Five Truths about Women, Negotiation & Money

 

No economic skill has as much riding on it  as does negotiation

~Leigh Thompson, Northwester University

Women and Money

This is especially true for women – research shows that in simple negotiations – like a salary or a car negotiation – women do worse than men. Two things most women will negotiate several times in their lives!

The Hard Truth:

Negotiation is about an exchange of value, and historically women have not had their own economic value to exchange, with two exceptions (and oldest “professions”: Mom, and well, you know the other one).

Plus, the idea of “negotiation” turns many women off – the models for negotiating appear too masculine, or aggressive. Research supports this; re-frame “negotiation” into “opportunities for asking” and women fare better.

The Good Truth:

Negotiation is a learnable skill, both art and science. The same research showed that when women are empowered with the skills and knowledge, they can negotiate results as good as or better than men. Women tend to be inherently more adept at listening, empathizing with others; connecting and building relationships – all skills that are fundamental in negotiating effectively.

When women are empowered to see these “feminine” skills as valuable, they do better.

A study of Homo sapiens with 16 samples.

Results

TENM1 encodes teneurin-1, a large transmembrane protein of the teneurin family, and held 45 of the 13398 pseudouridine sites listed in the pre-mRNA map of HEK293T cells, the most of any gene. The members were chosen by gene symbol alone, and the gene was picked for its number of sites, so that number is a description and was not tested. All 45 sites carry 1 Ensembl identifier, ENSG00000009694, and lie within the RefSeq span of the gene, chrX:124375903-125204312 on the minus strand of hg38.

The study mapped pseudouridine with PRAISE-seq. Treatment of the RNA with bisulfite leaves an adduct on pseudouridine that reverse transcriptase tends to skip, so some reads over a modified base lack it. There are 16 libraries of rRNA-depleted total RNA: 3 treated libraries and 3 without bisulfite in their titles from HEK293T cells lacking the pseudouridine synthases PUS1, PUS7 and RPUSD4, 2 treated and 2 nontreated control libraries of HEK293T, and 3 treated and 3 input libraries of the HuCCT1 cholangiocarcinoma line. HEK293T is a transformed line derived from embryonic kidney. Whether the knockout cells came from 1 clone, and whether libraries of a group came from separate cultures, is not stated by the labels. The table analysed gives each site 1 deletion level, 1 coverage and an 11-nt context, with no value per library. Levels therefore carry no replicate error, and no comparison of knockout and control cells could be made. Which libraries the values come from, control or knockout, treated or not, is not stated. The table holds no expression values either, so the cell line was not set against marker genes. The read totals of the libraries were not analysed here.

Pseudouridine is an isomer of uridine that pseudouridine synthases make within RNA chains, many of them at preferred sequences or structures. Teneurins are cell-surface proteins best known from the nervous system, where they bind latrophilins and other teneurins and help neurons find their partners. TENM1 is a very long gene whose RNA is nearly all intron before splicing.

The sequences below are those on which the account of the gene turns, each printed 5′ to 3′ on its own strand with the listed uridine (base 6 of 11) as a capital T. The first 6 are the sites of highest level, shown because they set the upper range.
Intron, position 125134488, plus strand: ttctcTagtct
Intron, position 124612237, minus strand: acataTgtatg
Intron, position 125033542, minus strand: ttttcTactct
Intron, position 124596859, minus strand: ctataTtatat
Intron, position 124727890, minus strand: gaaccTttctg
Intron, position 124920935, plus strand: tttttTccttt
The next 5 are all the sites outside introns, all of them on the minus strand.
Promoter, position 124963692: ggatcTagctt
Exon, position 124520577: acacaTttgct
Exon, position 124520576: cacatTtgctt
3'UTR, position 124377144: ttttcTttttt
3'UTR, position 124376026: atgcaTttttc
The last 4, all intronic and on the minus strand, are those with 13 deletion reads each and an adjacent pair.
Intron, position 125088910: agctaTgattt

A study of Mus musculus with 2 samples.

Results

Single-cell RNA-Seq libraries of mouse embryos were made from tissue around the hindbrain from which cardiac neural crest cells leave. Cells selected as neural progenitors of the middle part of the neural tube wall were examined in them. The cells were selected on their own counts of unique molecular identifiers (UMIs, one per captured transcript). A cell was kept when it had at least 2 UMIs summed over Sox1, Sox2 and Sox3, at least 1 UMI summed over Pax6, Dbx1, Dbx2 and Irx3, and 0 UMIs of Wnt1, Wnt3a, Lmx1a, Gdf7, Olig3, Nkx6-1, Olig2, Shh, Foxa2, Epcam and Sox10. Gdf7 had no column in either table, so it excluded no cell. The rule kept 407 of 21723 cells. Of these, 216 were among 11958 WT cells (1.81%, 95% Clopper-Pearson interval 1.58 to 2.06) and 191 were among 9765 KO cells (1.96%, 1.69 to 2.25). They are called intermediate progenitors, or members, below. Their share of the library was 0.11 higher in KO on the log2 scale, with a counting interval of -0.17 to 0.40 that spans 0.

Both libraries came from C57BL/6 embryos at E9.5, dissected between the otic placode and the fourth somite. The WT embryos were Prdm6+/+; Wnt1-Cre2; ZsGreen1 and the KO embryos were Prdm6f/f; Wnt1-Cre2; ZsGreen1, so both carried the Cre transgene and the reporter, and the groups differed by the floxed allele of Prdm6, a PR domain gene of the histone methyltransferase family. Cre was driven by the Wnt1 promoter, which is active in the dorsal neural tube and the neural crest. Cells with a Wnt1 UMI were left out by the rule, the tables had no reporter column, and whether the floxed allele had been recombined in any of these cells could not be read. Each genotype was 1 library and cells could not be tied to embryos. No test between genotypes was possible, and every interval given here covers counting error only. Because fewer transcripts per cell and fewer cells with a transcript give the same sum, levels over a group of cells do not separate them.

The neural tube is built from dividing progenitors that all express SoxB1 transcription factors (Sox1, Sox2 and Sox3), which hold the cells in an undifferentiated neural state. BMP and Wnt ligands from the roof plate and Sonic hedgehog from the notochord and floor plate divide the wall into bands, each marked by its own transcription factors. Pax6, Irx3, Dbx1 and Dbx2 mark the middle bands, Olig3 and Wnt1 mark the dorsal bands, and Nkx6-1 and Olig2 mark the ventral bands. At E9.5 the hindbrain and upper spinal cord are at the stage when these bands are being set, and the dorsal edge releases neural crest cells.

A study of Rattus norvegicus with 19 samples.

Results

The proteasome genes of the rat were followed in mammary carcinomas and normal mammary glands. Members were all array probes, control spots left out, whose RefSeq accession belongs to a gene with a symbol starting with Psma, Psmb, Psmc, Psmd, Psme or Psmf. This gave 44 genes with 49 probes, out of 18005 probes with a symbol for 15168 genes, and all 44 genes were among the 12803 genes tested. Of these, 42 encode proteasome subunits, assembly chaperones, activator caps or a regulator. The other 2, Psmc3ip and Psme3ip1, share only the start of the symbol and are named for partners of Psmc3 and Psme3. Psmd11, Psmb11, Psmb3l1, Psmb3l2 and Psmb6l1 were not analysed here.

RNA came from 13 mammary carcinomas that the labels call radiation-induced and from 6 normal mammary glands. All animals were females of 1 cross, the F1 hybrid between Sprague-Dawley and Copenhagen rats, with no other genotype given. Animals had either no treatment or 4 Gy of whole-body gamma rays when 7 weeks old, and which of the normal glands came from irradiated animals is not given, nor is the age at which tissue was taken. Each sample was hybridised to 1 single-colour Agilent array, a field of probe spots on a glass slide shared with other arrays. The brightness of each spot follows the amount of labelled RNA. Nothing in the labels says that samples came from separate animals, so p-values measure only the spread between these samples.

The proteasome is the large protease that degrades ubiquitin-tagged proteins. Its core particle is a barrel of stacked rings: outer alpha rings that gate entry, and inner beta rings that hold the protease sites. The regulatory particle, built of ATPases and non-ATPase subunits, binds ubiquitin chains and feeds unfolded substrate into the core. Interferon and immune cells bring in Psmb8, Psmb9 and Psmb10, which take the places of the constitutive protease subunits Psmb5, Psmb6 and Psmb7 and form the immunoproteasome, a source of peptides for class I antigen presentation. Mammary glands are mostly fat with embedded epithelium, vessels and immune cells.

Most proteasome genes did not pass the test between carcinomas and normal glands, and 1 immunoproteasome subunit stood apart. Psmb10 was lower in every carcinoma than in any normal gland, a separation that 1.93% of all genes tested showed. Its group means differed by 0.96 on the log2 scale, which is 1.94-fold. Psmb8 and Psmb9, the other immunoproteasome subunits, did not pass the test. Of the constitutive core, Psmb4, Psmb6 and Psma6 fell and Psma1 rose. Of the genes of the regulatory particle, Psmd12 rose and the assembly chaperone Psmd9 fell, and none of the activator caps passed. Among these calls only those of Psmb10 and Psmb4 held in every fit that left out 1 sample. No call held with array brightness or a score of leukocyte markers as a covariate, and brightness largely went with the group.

The Long Truth:

Negotiating is also a way of life; standing up for what is important to you (including your ability to help others).

Fundamentally negotiating is about asking for what you want, influencing others to cooperate with you, and as importantly, it’s about saying “no” to what you don’t want & negotiating something better.

Other Hard Truths:

The biggest challenge for women is negotiating for themselves – and surprisingly this includes high-level executive and professionals who negotiate for a living. Some barriers that cause this difference include messages about what a woman “should be” or can be; about money and who should make it, manage it and keep it. We have some work as a society to help change these expectations of both women and men.

Here’s the critical factor that bottom-lines Leigh Thompson’s quote from the introduction: women have a longer-term economic and financial life span than men. Not only is a woman expected to live longer, but 60 is now the new 40 and many women are bearing and raising children later in life. Tolerating gender pay inequity and getting paid less than you are worth is not a viable strategy.

The good news is that women everywhere are waking up. Women in the public eye, celebrities like Robin Wright are taking their pay equity issues public.

Organizations are losing talented women in their 30s when gender pay practices are revealed as less that equal.

More than ever, its time for a woman to ride her own white horse – take the reins and be a “Gallant Leader” in your own life!

Negotiate your best life; manage your own economic well-being. If you’ve ever been on a trail ride, you know the best thing about riding your own white horse is riding the trail with those you love!

If you’re looking to expand your negotiation skill set, mindset and action set, check out the upcoming Professional Negotiation and Influencing program in Vancouver June 16-17. Grab your copy of the complimentary Gallant Negotiator Blueprint.